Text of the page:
Book Review · health

Books That Changed My Life: No 1. The Kind Life

I’ve started noticing a pattern in the books that really spoke to me.  They all share a couple things in common: Trying to live the healthiest way you can and really going back to a simple way of living.  In this series, I’ll be posting a book per post, each highlighting why each spoke to me personally.

I’ll be posting them in the order I discovered their brilliant knowledge.

It all started with The Kind Life, by Alicia Silverstone.  I came upon it by accident while browsing Half Price Books.  I saw it in the cooking section, and since I was such a big fan of Alicia Silverstone, I decided to take a gander.

Kind Life

I read the first few pages and decided to buy it immediately.  I was hooked from the beginning.  The information and stories she shares, as well as tasty recipes to promote eating a more plant-based or completely vegan diet really put things into perspective.  I’d heard here and there how our meat was pumped full of hormones and how processed food wasn’t that great for you, but this book really brought it all home.  And she speaks to you like the friend next door, keeping the book warm and informative.

After reading it, my husband and I changed a majority of how we ate.  We sought out more vegetarian dishes and utilized beans in creative recipes.  We shopped the vegetarian section and started to review where our meat was coming from.  Eventually, we started trying out vegan options for meat (most don’t taste bad at all and don’t contain as much sodium as a lot of processed sandwich meats or sausages do.)  When we do want real meat, we look to buying quality over quantity.  Organic chickens and bacon without nitrates and other ‘nasties’, as Alicia calls them.  We decided it was better to not eat as much meat, and therefore, spend a little more money for a good piece of quality meat, when we did.

So, forget Meatless Monday.  It was such an easy transition that we now only eat meat, including fish, maybe twice a week.  We don’t even miss meat when we’re not eating it, which is such a change, since we both grew up in meat and potato families!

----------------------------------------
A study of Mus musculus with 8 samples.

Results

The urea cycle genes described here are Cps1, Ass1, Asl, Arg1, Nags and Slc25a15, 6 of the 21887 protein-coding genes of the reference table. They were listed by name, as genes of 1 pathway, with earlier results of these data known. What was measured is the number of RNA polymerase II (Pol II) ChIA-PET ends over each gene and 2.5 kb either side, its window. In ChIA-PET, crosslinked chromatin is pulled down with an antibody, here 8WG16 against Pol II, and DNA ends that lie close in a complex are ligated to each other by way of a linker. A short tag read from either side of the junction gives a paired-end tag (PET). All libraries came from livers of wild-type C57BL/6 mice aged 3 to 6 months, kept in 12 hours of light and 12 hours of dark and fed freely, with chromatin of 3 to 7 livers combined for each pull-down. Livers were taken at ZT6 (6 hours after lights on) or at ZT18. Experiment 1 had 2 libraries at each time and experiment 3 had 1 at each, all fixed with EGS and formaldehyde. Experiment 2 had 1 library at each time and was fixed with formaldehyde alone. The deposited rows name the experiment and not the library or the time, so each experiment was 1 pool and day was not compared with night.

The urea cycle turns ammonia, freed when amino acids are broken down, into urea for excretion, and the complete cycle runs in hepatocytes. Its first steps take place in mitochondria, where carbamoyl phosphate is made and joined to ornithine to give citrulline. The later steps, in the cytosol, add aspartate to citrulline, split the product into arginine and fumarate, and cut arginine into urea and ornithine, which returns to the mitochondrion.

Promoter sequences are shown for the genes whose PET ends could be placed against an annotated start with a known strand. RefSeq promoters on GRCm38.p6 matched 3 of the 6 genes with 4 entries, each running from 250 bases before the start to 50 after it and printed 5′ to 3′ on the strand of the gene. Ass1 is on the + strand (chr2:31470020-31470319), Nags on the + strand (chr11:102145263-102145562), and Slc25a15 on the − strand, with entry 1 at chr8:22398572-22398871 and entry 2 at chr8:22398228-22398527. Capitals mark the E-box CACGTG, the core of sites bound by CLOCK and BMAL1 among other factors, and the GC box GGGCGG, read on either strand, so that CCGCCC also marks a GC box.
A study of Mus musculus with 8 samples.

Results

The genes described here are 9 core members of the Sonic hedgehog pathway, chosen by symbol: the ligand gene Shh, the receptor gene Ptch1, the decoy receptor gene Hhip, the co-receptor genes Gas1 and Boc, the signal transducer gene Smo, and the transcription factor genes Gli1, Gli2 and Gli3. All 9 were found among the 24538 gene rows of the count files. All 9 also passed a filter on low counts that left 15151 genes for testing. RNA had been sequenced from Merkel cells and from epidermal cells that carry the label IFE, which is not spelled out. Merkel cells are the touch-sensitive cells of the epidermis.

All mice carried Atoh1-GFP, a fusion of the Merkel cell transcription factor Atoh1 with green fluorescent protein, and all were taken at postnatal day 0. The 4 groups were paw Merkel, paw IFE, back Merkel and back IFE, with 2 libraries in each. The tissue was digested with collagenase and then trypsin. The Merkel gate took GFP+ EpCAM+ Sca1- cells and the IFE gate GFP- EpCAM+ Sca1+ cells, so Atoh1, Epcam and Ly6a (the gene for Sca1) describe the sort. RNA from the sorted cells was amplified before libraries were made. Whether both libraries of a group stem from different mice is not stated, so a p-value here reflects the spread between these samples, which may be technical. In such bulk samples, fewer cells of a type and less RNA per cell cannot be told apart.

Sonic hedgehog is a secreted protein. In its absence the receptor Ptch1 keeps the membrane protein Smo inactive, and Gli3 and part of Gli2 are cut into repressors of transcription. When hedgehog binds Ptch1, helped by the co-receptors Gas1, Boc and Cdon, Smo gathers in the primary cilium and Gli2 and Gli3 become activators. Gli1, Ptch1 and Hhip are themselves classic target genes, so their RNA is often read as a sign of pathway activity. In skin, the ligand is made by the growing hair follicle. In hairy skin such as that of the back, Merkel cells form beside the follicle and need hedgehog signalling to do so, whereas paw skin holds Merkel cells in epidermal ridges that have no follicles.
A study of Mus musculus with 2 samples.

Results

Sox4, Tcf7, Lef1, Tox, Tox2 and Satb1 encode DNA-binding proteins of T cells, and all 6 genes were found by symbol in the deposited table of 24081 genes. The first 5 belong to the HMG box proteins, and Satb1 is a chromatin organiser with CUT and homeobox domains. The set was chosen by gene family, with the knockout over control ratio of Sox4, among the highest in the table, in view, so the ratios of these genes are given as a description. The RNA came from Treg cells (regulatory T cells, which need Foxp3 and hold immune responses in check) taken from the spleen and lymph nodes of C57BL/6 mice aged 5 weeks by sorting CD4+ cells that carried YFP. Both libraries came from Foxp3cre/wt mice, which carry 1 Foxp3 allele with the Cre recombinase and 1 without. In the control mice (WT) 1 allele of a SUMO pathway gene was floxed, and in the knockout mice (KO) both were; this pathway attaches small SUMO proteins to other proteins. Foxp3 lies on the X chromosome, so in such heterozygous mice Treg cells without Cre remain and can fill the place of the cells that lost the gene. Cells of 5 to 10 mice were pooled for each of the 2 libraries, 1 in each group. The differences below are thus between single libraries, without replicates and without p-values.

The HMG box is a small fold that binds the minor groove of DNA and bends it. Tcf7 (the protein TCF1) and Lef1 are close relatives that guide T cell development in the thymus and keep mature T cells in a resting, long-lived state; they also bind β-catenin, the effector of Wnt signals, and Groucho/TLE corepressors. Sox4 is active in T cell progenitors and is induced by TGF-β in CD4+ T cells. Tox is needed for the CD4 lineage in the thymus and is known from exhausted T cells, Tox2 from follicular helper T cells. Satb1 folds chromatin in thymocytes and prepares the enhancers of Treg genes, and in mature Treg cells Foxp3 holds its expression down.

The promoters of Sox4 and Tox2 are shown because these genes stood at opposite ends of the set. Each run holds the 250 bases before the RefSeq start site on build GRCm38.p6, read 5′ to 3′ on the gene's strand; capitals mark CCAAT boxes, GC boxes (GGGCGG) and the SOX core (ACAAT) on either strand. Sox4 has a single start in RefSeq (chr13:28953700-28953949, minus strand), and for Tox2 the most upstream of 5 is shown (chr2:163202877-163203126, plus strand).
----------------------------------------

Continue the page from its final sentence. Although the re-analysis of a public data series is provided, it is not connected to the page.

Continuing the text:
Another easy step for us was to get rid of the microwave.  We barely used it, it took up precious counter space, and it was a hassle to clean.  We got a toaster oven to replace it, for heating foods in glass bowls.  With this decision, it helped lower the amount of processed foods we bring into the house.  Like other working couples, we do get busy and there are definitely evenings where we just want to heat something convenient for dinner.  But it’s helped us look at what kind of quick foods we do get.  If it’s something that can only be heated in a microwave, we don’t buy it.  It’s also pushed us to meal plan.  This really enhanced our love of cooking.  We really focused on good ingredients and letting the dishes shine with their simple, but delicious flavors.  No more depending on too much salt or too much sugar.  The hints of savory or the hints of sweet made our cooking and baking better.

We’re more conscious of reading labels.  The sodium and sugar content in foods is absolutely insane.  Because I have a history of Diabetes in my family, these food changes can really determine if I will in the future, get this disease.  So, reading in Alicia’s book that eating a plant-based diet, with less meat and less dairy can reverse Diabetes was what really got me on board.

Sometimes, all it takes is looking at the ingredients list, and if it consists of items you can buy in bulk – why not make it yourself?  Here are some small changes that are easy to make and could help transition you or your family to controlling how much processed food goes into your kitchen and discovering the beauty of pure foods.  The best part is, they’re easy to make and most use ingredients you already have in your pantry or fridge.

  • Mustard
  • Taco seasoning – You can leave the salt out and add to taste when cooking
  • Marinades – can double as a sauce when reduced
  • Muesli – Bulk items can be found in your local supermarket or co-op
  • Crackers
  • Tortillas
  • Vinaigrettes
  • Bread pudding, bread crumbs, croutons – all great for using up bread ends or stale loaves
Kind Life 2
Homemade muesli in a half gallon canning jar. All the items I found – oats, barley and rye flakes, ground flax seed and pumpkin seeds and sunflower seeds were purchased in the bulk aisle of my local co-op.
Kind Life 3
I took up canning so I could preserve my garden’s harvest for the winter months. This way, I’m able to control the amount of sodium that goes into my canned goods.
Kind Life 4
Homemade tortillas ended up being so easy, I’ve sworn off buying them pre-packaged. They taste better, too!

I definitely recommend this read to anyone who’s looking to change the way they eat or are curious about where our food comes from.  Alicia’s website http://www.thekindlife.com is a great place to browse her recipes and articles about her lifestyle.  What have you been making yourself?  I’m curious to know if you want to leave a comment on changes in your diet!